Our CEO, Mark Levine, literally wrote the book on self-publishing. To kick off the release of the sixth edition of The Fine Print of Self-Publishing, we asked him to stop by the blog to answer questions about the industry and what’s new in the latest edition. To order your own copy or grab a free consultation with Mark, head over to his website at bookpublisherscompared.com.

Tell us what’s new in the sixth edition of The Fine Print of Self-Publishing.

I think it’s my best edition ever. The newest and most interesting addition (in my mind) is the hands-on review of several DIY platforms like CreateSpace and Smashwords. Using the Word document of my last edition, I uploaded it onto these platforms the way a typical author might. How the formatting turned out from this type of submission really supports the notion that it’s worth your time and money to have your book professionally designed.

Every edition, I update the book with the newest industry data and news.

Why do you think the self-publishing industry changes so quickly?

Technology. That’s a plus because the barriers to entry can be almost nothing. An author can submit a text document, pick a templated book cover, and be “published” in minutes. But, this same technology has given authors a false belief that just because you can create a book so easily, things like cover design, formatting, and a comprehensive marketing plan don’t matter as much. As more and more books flood the market, being able to stand out is more important than ever.

What do you predict will be the next big change within self-publishing?

I certainly think our Published.com workflow tool is going to provide authors the ultimate hybrid between publishing all on their own and managing the book publishing process with their book’s hand-picked creative team (e.g., designer, editor, etc.) in one place.

Authors will continue to demand more customized services than ever before. Self-publishing service providers will have to become more flexible. We certainly did. We spent most of 2015 “unpackaging” the publishing package and giving authors options to custom design their own publishing package containing just the services they want.

What hasn’t changed about self-publishing?

The desire of authors to get their stories published.

Just because authors self-publish doesn’t mean they do it all alone. Who’s essential to your publishing process?

For my publishing process, it was my editing team (I always have a developmental edit and then a copy edit after I’ve worked through the editor’s notes. Then I have a proofread after the formatting is complete) and design team. Our designers fleshed out about four cover concepts and once I found one I liked, we tweaked to produce what I think is the best cover this book has ever had. Also, the people who handle all of the distribution of the book both for sales through my website and for sales through third-party retailers like Amazon and Barnes & Noble. Finally, for me, it’s the people in our marketing department. It is the first time in 12 years of producing The Fine Print of Self-Publishing that I’m engaging in full-scale PR efforts. And, it’s always a great way to show our authors the quality and skill of our employees.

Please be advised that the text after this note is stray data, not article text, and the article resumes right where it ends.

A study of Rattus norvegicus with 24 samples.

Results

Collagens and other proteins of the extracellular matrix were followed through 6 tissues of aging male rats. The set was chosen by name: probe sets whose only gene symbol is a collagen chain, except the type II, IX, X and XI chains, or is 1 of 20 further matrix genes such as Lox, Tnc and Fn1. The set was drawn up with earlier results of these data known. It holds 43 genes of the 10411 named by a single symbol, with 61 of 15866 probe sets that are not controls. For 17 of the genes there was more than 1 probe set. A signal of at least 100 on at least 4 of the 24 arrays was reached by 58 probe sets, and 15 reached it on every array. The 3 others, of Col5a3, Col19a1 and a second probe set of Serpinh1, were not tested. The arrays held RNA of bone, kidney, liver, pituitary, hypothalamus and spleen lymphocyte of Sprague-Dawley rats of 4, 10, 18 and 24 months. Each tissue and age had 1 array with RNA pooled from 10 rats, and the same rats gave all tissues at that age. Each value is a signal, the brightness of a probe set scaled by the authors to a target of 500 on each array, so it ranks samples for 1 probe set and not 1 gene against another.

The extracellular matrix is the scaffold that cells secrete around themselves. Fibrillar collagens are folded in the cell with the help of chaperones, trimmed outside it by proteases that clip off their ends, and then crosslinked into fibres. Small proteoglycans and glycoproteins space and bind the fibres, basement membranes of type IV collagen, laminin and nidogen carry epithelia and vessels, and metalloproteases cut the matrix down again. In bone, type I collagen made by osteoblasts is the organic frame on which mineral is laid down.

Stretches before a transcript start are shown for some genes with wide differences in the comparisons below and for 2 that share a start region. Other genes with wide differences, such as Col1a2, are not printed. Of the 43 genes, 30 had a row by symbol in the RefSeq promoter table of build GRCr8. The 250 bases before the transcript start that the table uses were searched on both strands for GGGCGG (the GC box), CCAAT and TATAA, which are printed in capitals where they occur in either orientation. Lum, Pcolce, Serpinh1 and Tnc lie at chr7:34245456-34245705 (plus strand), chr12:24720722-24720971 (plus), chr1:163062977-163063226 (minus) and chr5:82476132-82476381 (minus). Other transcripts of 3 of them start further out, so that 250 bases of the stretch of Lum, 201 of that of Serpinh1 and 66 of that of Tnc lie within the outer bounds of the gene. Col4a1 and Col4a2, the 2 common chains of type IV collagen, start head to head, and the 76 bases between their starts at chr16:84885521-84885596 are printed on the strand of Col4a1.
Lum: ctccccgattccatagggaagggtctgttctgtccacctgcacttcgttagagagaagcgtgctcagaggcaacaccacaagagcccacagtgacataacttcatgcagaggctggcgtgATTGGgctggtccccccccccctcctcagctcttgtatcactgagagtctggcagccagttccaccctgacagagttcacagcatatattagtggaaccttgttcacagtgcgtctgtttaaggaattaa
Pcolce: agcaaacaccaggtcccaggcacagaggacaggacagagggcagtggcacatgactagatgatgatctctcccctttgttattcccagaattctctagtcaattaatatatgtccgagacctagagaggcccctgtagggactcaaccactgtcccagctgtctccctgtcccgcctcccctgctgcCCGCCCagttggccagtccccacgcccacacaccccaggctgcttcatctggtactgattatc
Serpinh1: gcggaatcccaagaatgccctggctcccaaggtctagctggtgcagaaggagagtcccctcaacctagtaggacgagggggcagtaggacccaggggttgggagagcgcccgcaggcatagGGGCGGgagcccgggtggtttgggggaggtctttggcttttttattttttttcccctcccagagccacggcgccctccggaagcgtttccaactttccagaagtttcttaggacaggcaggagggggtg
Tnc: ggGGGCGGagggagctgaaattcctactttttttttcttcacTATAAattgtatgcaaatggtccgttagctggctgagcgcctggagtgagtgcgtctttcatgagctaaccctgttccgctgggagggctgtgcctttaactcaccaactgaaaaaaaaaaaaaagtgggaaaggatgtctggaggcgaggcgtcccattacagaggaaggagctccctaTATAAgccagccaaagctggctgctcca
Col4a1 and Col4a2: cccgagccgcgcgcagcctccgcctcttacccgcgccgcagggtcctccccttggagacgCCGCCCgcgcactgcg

What’s your favorite thing about being the CEO of a self-publishing company?

I’ve always liked creating opportunities for authors to get their books published with a level of service and quality that befits and respects that enormous amount of time and energy authors put into writing their books. Long before I was a self-publishing company CEO, I was an indie author. I’ve always approached our company from the perspective of what I as a new author would want, need, and ultimately really appreciate.

If you had never written the first edition of Fine Print of Self-Publishing, what do you think you’d be doing now?

I’ve never thought about that until now. The first edition of my book was written to sell as an add-on product to copyright filing services provided to authors (and others) from a business filing company I used to own. So, there was sort of this seamless transition from online business filing company to publishing company (there were a few years of overlap before the business filing company was sold in 2009). I actually can’t imagine doing anything other than being in the self-publishing business. What I can’t believe is that this company is ten years old.

Describe your writing process. Where do you write? What inspires you? Do you have any snacks or drinks you must have?

My writing process for writing this book is much different from writing novels. My process here is more like writing a research paper that has to be presented to an audience who has varying degrees of subject matter knowledge. I have to make the writing accessible to a variety of people as well as take something that, at times, can be academic and dry, and punching some life into too, so the reader is engaged throughout the book.

When I used to write fiction, I would need to get lost in my mind and depending on the type of scene I was writing, I’d often listen to different genres of music to help get the words flowing.

What’s one unexpected piece of advice you find yourself giving authors repeatedly?

Many authors want to publish as fast as possible without taking the time to think through the timing. I spend a lot of time explaining why publishing in connection to a particular date or event doesn’t matter if you don’t have a plan and budget to get people to notice your book. Rushing to make a self-imposed deadline almost always is a bad idea.